Restoring the Power of the Convening Authority to Adjust Sentences
Jacob R. Weaver*
In 2013, Congress abrogated the power of certain military officers to reduce court-martial sentences, thereby eliminating a military defendant’s best hope for efficient and effective relief from common legal errors in the military justice system. While the overhaul of the Uniform Code of Military Justice (UCMJ) in 2016 promised significant reform, it ultimately failed to substantially reduce common legal errors. This Note analyzes how the 2013 and 2016 reforms have combined to prevent military defendants from receiving timely and adequate relief. In light of this analysis, this Note suggests an amendment to the UCMJ that would restore to certain officers a limited authority to reduce sentences based on legal errors. Such a reform ultimately addresses the core concerns that led to the 2013 revision while simultaneously providing an efficient and effective remedy for common legal errors, furthering the UCMJ’s aim of promoting justice and maintaining good order and discipline.
*Ensign, United States Navy Individual Ready Reserve. J.D. Candidate, University of Michigan Law School, May 2021; B.A. in History, Hillsdale College, May 2018. The opinions in this Note represent the personal views of the author and do not necessarily represent the official position or views of the Department of Defense or its components.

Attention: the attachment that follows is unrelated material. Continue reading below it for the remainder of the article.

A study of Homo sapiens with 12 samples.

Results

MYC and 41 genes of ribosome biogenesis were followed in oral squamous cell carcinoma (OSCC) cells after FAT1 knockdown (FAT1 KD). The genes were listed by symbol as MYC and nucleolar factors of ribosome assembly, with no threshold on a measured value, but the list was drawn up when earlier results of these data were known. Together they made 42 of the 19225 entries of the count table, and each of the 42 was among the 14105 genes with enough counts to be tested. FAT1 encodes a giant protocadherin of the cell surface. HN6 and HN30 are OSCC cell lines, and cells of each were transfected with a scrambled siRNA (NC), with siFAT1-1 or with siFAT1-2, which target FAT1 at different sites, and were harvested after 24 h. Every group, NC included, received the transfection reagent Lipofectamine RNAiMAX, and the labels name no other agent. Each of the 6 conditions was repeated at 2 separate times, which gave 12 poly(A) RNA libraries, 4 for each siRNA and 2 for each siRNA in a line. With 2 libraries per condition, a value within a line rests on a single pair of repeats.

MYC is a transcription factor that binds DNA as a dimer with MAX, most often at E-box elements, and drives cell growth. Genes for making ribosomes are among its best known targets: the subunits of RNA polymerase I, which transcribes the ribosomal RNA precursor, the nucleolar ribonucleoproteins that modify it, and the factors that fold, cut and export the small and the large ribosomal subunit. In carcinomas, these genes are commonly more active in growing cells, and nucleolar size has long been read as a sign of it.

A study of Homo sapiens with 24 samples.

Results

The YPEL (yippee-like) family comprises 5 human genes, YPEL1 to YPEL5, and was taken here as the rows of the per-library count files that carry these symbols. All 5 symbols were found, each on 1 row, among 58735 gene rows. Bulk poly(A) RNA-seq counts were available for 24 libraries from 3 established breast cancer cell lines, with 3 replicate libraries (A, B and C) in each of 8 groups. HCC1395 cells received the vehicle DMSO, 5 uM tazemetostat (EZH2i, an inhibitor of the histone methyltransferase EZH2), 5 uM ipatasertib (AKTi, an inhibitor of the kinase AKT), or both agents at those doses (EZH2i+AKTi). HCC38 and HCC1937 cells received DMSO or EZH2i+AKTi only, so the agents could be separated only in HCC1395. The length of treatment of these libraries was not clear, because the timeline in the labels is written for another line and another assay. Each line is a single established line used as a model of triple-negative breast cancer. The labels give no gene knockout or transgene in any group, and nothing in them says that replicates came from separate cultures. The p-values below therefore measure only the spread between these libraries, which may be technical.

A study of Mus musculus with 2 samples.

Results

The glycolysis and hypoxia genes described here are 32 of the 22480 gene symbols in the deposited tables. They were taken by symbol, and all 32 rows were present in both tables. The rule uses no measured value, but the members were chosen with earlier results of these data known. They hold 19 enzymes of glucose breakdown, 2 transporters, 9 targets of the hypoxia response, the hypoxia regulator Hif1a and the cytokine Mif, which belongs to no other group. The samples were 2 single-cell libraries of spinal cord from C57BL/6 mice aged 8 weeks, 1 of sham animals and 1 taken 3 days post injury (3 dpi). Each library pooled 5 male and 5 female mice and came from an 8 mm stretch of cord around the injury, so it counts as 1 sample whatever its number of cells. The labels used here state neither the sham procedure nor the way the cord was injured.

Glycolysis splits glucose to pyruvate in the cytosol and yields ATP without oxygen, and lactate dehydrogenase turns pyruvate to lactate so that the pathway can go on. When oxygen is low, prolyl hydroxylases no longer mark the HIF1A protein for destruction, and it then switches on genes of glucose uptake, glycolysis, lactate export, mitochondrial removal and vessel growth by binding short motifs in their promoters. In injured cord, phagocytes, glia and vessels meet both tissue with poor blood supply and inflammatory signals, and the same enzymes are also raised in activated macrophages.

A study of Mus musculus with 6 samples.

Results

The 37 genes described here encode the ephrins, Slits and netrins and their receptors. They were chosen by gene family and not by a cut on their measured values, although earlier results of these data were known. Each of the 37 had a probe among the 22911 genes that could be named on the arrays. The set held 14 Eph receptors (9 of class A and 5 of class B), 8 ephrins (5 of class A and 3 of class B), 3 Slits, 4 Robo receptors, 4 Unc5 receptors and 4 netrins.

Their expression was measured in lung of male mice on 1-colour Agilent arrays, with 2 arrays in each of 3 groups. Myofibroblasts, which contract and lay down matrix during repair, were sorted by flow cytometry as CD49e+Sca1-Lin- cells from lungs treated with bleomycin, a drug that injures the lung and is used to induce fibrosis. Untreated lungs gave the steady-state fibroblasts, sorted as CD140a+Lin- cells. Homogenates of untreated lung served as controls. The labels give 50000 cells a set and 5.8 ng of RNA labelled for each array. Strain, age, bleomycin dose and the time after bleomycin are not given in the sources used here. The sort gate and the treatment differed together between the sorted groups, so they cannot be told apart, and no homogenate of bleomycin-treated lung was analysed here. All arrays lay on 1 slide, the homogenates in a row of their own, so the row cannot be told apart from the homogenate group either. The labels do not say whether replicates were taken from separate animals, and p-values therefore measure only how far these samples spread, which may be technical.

I would like to thank Matthew Catallo for his substantial assistance and support. I also want to thank my parents, Jeff and Sharon Weaver, for their continued encouragement, as well as Captain Andrew House and Defense Service Office North for an incredible internship during the summer of 2019. Additionally, I want to thank Professor Sherman Clark, Elizabeth Helpling, and Brian Weber for providing me valuable feedback. Finally, I would like to thank Executive Notes Editor Kate Markey and the rest of the Michigan Law Review’s members for their exceptional guidance throughout the publication process.
I dedicate this work to my late grandfather George R. White, who inspired my passion for military service.